Circus Circus Clowns Around with Access


For the most part, Las Vegas is a very accessible destination. They have a good supply of accessible taxis, wheelchairs and scooters for loan at many hotels, and good access to the casinos. And the hotel rooms there are some of the most accessible ones I’ve ever seen — some even have ceiling track lifts.

The employees seem to have a good attitude about access too, at least the ones I’ve encountered. Unfortunately that’s not the case for Kimberley Barreda; in fact, her recent interaction with the Circus Circus staff left a bad taste in her mouth. Not only were they ignorant of the law, but in some cases they were just downright rude.

According to Kimberley, she asked the employees at the Courtesy Desk if the hotel airport shuttle was accessible. They assured her it was, told her that it cost $7, and informed her that it departed every 30 minutes. Unfortunately, when the shuttle arrived, it wasn’t accessible. The driver informed her that they use an accessible taxi for wheelchair-users, and directed her to the doorman, who in turn called an accessible taxi for her. It showed up 10 minutes later.

When she arrived at the airport, things started to go south quickly.

The driver informed here that the fare was $18.30. She explained her situation to him, but to no avail. She assumed that Circus Circus had some kind of arrangement with the taxi company to accommodate their wheelchair guests, and that the doorman took care of those details when he ordered the taxi for her. He did not, so she reluctantly shelled out the fare, or at least as much of it as she had in her purse.

Subsequently she phoned the manager to try and recoup her loss. She explained her situation, and asked for a credit on her debit card, to cover the $11.30 difference between the hotel shuttle price and the taxi fare. After all, if they are unable to accommodate a disabled guest on their shuttle, they must provide them with an accessible alternative for the same price that they charge their able-bodied guests.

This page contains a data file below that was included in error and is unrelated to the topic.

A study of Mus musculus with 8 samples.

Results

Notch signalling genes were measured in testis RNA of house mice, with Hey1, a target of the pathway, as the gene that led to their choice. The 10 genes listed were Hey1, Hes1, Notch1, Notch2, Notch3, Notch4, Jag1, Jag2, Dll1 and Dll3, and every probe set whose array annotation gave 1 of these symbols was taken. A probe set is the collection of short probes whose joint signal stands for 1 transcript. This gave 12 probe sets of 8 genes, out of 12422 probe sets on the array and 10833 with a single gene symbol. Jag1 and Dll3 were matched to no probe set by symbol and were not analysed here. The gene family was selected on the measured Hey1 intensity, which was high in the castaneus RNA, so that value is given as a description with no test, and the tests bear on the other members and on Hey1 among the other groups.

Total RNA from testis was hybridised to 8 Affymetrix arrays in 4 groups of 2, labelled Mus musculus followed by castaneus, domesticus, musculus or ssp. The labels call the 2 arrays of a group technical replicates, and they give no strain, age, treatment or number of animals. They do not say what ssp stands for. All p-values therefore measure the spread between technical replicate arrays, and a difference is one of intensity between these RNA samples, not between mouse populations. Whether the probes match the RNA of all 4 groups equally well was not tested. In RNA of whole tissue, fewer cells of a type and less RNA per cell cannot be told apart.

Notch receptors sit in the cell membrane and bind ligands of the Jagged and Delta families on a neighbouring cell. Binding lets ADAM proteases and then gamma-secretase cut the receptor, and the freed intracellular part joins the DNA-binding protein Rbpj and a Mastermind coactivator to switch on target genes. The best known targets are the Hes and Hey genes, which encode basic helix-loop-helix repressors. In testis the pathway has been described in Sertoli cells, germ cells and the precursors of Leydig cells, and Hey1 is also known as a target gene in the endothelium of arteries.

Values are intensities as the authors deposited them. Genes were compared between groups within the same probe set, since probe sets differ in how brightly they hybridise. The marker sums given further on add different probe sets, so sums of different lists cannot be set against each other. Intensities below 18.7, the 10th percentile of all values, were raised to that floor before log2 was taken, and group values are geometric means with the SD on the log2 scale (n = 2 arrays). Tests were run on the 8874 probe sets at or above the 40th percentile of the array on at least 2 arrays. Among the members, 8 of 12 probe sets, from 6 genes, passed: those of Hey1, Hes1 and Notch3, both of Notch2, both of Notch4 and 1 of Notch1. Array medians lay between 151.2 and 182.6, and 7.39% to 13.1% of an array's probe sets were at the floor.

The hotel manager stood firm and informed Kimberley that they don’t pay taxi fares. Period. And then she hung up on her.

The same thing happened when she called back a second time and talked to Anthony.

Circus Circus missed the boat on this on so very many counts.

First, the folks at the Courtesy Desk should have given out the correct information about the accessibility of the shuttle. In a perfect world, they would tell the guest that the shuttle isn’t accessible, give them a taxi voucher and call an accessible taxi.

Second, the shuttle driver should be brought up to speed on how to handle disabled guests. Again, in a perfect world, he would tell them to go to the Courtesy Desk and pick up a taxi voucher.

But you know, I don’t really find fault with these employees, as apparently they are echoing the sentiments of the management. When management has a bad attitude about access, they tend to pass that along to their employees. The managers didn’t know the law, and they don’t understand good customer service.

Granted the hotel doesn’t have to own an accessible shuttle, but if they provide shuttle service, they have to provide an accessible option at the same price. This applies even if that accessible option costs them more than the inaccessible option, as it did in this case.

And there’s just no call for hanging up on anybody. It’s just rude, and quite frankly very low class.

Unfortunately, I don’t think this is the first time this has happened, as I’m quite sure Kimberley is not the first wheelchair-user to ever stay there. Plus the shuttle driver seemed to be familiar with the procedure. It’s all very sad.

So if you’re looking for a Las Vegas hotel that understands access and treats all of their customers fairly, you’d better pass on Circus Circus. Believe me, there are many more choices for wheelers and slow walkers in Sin City.